12 of 13 people found the following review helpful
on 17 March 2010
A word of caution needs to be delivered about all study notes - they won't answer the question for you, they won't pass your exams for you. Read the play in conjunction with them, use the notes to stimulate ideas and questions, not to find answers. Good notes should fuel your enthusiasm as well as your knowledge.
With that caveat safely out of the way, what needs to be said about this AS/A level guide? Well, first of all, it does precisely what it says on the label - it's a guide for 6th year studies at secondary school, and may translate into a useful resource for 1st year university. That's the level it's pitched at. The more sophisticated or prestigious your level of study, the more you will need to supplement these notes with more extensive reading and research.
This volume opens with some 40 pages of background notes on Marlowe, his Canterbury, his life and works, the basics of the Elizabethan theatre, a quick introduction to the Renaissance, magic, the Faust legend, and a critical history of the play's staging. All this is clearly laid out, concise, informative - but don't imagine you've acquired really in-depth knowledge of such a vast range of subjects; this is your starter for 10, enough background to give you an intelligent perspective on the significance and place of the play, enough background for you to build solid foundations for further study.
The book now moves on to 13 pages of scene summaries - a useful set of notes to remind you of the overall structure and dynamic of the work, something you can and will refer to if you're studying the play in any depth. Further pages explore the various characters, themes, imagery, and specific aspects of the play, concluding with a glossary of literary terms and concepts. And the book will conclude with a couple of specimen essay questions.
The real substance of these notes may well lie in the 60 or so pages which explore the structure and body of the play. There's certainly enough here, when taken in conjunction with you reading the text at least twice, to stimulate your knowledge and understanding of the work. Getting to grips with an Elizabethan drama can require a bit of archaeological skill - you have to dig for meaning, understand the play at different levels, and garner enough knowledge to be able to step back and see the big picture.
I have to admit, I am no great fan of 'Doctor Faustus'. Study of the text is best achieved in conjunction with a viewing of the play in performance (and, if you're tempted to watch the Burton film, well, it's interesting, but ...). This book certainly helped me get to grips with the play - it was never going to persuade me to love it - and, taken in conjunction with, say, the York Notes guide and a good, annotated text, this will give you a substantial grounding in Marlowe's play, era, and place in literary/theatrical history. It will not, however, pass your exams for you. And I'm sorry, but I have to repeat that.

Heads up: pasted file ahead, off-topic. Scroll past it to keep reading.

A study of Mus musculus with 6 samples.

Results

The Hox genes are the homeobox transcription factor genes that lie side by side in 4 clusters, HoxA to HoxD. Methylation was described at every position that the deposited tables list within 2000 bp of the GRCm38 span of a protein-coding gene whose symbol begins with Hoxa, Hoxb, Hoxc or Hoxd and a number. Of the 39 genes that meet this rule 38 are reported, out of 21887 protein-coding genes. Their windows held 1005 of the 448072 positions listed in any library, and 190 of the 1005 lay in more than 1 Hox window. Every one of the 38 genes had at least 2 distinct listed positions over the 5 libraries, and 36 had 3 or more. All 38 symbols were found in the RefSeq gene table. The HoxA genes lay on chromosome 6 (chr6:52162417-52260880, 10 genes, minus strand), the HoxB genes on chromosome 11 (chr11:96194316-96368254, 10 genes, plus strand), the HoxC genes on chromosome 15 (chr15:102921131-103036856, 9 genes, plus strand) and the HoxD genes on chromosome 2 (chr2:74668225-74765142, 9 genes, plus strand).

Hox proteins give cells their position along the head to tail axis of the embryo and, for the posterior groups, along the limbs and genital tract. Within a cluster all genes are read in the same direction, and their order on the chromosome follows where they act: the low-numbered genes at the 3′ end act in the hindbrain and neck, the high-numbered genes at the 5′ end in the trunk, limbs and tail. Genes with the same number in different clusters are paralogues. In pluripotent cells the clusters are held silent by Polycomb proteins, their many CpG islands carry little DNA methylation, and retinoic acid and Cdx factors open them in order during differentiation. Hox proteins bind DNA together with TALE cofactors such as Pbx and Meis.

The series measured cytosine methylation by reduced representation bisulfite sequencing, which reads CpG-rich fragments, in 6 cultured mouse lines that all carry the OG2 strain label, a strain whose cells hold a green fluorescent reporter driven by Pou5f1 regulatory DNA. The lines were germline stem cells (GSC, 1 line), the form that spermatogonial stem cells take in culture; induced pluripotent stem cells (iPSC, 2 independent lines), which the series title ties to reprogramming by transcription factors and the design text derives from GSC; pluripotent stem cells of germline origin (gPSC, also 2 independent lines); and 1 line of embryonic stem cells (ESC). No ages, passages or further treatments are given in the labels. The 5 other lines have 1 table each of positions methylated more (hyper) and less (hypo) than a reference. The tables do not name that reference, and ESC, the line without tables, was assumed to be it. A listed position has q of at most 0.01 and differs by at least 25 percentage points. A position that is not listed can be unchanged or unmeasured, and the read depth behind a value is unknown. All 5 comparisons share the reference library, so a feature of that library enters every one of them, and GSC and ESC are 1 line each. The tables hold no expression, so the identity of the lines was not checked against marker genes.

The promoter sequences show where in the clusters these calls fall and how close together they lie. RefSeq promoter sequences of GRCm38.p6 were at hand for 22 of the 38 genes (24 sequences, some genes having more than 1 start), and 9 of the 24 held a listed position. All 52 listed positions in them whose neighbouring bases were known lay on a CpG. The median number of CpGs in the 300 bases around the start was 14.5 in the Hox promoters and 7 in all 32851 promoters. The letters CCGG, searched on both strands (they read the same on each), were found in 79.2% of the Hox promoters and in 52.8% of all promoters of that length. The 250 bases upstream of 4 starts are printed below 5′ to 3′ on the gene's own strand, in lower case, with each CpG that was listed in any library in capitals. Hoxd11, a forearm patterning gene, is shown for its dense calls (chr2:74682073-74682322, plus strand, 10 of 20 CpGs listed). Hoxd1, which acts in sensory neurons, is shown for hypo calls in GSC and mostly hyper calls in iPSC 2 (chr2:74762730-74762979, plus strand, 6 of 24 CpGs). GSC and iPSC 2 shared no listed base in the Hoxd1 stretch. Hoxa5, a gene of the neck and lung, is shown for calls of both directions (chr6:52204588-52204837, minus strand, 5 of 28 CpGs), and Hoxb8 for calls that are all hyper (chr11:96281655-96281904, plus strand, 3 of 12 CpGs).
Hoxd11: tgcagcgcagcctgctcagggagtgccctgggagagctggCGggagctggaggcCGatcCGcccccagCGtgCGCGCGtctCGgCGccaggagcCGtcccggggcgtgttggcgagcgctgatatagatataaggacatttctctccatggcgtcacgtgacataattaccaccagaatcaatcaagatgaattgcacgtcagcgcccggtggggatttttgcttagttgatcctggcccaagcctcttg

And that's, perhaps, excuse to flesh out a final word of warning. You are not the only person to read this study guide (or York Notes, etc.), and your examiner will be well aware of the content and arguments of the various guides on the market. Don't expect to simply regurgitate what you find on the pages of this book and get a significant mark. This is a guide - a good guide book can help you find your way round a strange city, but it won't do the walking for you. Use these guides to get a perspective, find your own vision of the play, and feed your own enthusiasm and ideas by further reading. And, no, I can't guarantee you'll enjoy the play, I surely didn't, but there are aspects of it which intrigued me, and these notes helped me find interests and themes which stimulated my awareness. Overall, they provided me with essential background information and a clearer understanding of the text, and I don't suppose you can ask more than that.
9 of 10 people found the following review helpful
on 2 October 2010
I'm teaching Dr Faustus as a paired text with King Lear for the Edxecel English Literature AS course, and this book has been superb. I've used it to inform my own planning, and also advised my students to get a copy for revision. The most useful thing is that unlike some study guides (York Notes etc) which often offer only general notes on texts, all of the information in this book is tailored to modern A-level specifications. As such, this book includes sections on areas such as audience responses over time, detailed language analysis and key passages from useful critics' responses (any English teacher knows how time-consuming it can be to find decent critical material for use in class). It's so good that I've just bought the Tess of the D'Urbervilles guide.